Chinese spacecraft makes first landing on far side of the moon
Jan 03 2019
The probe landed at 10:26am Beijing time and relayed a photo of the "dark side" of the moon to the Queqiao satellite, which will relay communications between controllers on Earth and the far side of the moon.
#BREAKING: China's Chang'e-4 probe successfully made the first-ever soft landing on the far side of the Moon on the South Pole-Aitken basin Thursday morning, a major milestone in space exploration.
The Chinese lunar probe, including a lander and a rover, was launched on 8 December by a Long March-3B carrier rocket from the Xichang Satellite Launch Center in southwest China's Sichuan Province.
China National Space Administration has said that Chang'e 4's scientific tasks included astronomical observation using low-frequency radio; surveying the terrain and land forms; detecting the mineral composition and shallow lunar surface structure; and measuring neutron radiation and neutral atoms - all to develop an understanding of the environment on the moon's far side, also called the dark side.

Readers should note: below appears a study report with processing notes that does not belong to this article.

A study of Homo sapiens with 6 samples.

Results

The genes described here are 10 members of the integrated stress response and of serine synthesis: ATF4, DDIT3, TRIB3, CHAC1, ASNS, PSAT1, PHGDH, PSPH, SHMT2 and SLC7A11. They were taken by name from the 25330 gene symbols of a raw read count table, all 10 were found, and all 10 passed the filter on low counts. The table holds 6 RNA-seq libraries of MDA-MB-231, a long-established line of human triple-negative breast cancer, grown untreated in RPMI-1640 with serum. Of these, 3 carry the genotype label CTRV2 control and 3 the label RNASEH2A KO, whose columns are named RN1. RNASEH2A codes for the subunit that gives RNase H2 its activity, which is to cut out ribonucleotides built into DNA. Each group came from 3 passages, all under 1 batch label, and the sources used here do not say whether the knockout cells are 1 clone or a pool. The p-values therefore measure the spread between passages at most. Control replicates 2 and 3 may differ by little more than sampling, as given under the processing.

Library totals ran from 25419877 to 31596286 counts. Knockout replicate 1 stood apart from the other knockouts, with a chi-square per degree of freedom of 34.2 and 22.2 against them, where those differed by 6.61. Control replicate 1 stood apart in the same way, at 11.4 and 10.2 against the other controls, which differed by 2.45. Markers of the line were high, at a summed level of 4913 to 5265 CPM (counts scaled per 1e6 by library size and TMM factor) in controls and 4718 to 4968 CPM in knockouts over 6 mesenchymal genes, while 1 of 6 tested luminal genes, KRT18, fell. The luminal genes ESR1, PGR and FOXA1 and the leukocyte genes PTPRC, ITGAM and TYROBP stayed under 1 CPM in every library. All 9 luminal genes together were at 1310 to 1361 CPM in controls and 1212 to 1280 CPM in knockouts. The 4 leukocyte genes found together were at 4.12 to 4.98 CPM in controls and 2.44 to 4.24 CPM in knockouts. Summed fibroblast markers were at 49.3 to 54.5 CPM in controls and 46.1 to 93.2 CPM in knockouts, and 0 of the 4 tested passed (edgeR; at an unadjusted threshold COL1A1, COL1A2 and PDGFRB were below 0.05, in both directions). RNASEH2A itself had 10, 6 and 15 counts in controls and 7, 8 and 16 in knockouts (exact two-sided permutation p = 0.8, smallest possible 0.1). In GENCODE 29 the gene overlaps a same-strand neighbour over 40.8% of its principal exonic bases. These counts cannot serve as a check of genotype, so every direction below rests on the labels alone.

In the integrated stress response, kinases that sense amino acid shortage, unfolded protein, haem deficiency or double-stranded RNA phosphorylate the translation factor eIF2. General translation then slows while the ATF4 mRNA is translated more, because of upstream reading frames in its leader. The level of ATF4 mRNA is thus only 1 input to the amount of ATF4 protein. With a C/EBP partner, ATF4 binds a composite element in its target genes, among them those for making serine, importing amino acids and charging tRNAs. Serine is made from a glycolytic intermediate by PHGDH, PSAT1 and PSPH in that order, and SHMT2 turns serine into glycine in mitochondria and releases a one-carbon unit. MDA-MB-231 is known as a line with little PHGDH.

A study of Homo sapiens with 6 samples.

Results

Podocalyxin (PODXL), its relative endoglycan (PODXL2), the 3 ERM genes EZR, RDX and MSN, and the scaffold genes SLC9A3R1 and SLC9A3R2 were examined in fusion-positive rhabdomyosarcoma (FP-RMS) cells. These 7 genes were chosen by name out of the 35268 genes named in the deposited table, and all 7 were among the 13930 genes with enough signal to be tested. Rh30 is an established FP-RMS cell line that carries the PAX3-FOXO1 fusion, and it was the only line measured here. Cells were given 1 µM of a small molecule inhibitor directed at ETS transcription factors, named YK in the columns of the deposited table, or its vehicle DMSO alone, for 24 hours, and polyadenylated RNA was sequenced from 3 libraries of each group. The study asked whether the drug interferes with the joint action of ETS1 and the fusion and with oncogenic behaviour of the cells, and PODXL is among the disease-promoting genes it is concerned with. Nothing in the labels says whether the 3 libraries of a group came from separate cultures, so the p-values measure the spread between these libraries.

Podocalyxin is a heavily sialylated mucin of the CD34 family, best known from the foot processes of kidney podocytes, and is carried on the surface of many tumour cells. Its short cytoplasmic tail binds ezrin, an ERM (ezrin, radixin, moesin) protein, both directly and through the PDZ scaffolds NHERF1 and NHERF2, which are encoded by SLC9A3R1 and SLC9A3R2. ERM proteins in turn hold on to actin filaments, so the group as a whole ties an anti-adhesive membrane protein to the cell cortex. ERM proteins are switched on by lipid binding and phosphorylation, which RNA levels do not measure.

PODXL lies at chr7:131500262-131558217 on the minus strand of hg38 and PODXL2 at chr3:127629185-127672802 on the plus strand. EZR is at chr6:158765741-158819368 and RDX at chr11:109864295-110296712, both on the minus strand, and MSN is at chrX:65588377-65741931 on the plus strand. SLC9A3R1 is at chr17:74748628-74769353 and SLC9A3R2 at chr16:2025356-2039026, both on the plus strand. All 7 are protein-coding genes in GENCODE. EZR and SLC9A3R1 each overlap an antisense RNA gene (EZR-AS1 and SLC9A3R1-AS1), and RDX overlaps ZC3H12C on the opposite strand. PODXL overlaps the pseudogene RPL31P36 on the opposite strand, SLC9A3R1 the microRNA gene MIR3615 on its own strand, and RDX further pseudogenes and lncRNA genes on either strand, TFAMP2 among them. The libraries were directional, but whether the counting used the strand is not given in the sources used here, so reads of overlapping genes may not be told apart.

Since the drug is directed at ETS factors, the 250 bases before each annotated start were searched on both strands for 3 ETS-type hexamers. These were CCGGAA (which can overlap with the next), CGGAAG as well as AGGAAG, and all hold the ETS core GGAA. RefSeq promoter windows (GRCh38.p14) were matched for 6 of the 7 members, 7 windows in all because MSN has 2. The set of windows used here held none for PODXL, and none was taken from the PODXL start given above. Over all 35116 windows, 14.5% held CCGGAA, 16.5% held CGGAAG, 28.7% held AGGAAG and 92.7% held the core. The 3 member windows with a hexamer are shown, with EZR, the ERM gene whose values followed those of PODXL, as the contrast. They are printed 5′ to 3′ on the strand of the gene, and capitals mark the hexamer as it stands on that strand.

The landing "lifted the mysterious veil" from the far side of the moon and "opened a new chapter in human lunar exploration", the broadcaster said.
The Chinese probe had been circling the Moon in an elliptical orbit in preparation for landing since Sunday.
The move marks a global first that boosts Beijing's ambitions to become a space superpower, state media said.
China, which is investing billions in its military-run space programme, has previously said it hopes to have a crewed space station by 2022.
In addition to home-grown scientific equipment, the Chang'e 4 mission also involves four scientific payloads developed by scientists from the Netherlands, Germany, Sweden and Saudi Arabia.
China plans to send its Chang-e 5 probe to the moon next year and have it return to Earth with samples - the first time that will have been done since 1976.